Jolyon Higgs farms 130ha in Llanidloes, Mid Wales. His wife Alex helps at her parent’s 200ha arable and grassland farm on the Gower. Jolyon keeps 20 suckler cows, selling the stores to his wife’s farm. He keeps 600 ewes, producing prime lambs for Waitrose as well as light continental-type lambs.
Quite who is promoting this ridiculous idea of electronically tagging sheep is a mystery. We are told it has come from the EU and, therefore, cannot be challenged. But I think behind the scenes tag manufacturers are understandably pushing for its introduction and government advisers seem unable to see the burden they are placing on the industry.
Sheep farmers know how often they have to replace a conventional tag and the cost of this ill-conceived and impractical idea will become apparent all too soon.
At Cwmfron grass growth has been slow, with hard frosts at the end of April and cold wet weather mid-May not helping. Our daughter Laura, just back from a ski season in Austria, was kind enough to help us pitching and dosing lambs with Scabivax. Most cattle were out in early May.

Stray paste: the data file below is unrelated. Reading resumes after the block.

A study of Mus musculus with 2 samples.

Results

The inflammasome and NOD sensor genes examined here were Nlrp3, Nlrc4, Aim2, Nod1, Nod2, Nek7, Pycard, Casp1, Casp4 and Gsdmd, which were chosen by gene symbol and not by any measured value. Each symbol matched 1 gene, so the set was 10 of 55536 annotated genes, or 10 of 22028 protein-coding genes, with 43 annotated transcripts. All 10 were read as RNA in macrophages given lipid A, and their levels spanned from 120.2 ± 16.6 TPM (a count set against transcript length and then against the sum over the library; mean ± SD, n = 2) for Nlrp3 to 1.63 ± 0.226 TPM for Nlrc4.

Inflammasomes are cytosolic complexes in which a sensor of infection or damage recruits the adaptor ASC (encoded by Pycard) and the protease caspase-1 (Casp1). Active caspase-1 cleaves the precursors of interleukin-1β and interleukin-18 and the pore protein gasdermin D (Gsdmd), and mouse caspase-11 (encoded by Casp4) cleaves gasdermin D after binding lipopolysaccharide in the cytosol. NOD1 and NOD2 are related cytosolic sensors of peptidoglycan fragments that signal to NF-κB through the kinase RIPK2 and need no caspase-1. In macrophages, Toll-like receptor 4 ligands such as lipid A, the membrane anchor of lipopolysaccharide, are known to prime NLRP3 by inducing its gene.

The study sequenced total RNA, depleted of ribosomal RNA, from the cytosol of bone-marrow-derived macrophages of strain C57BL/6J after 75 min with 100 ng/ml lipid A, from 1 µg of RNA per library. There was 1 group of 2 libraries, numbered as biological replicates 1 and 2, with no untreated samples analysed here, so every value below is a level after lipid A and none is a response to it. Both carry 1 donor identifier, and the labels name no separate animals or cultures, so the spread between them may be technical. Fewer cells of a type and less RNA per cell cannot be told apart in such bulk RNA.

In Gower, although in early May the weather was dry, the sprayer was only able to operate on one day in a fortnight because of a constant wind. The final nitrogen dressing has gone on to cereals, including the spring barley, which is being aimed at the malting market. Fodder beet has also emerged well.
We patrol both farms at this time of year to check for ewes stuck on their backs. The ravens in Llanidloes are always ready to attack a helpless sheep. Perhaps next year the electronic tag will send out a distress call so we can get to the casualty before the killers. Now that would be useful – and good for animal welfare.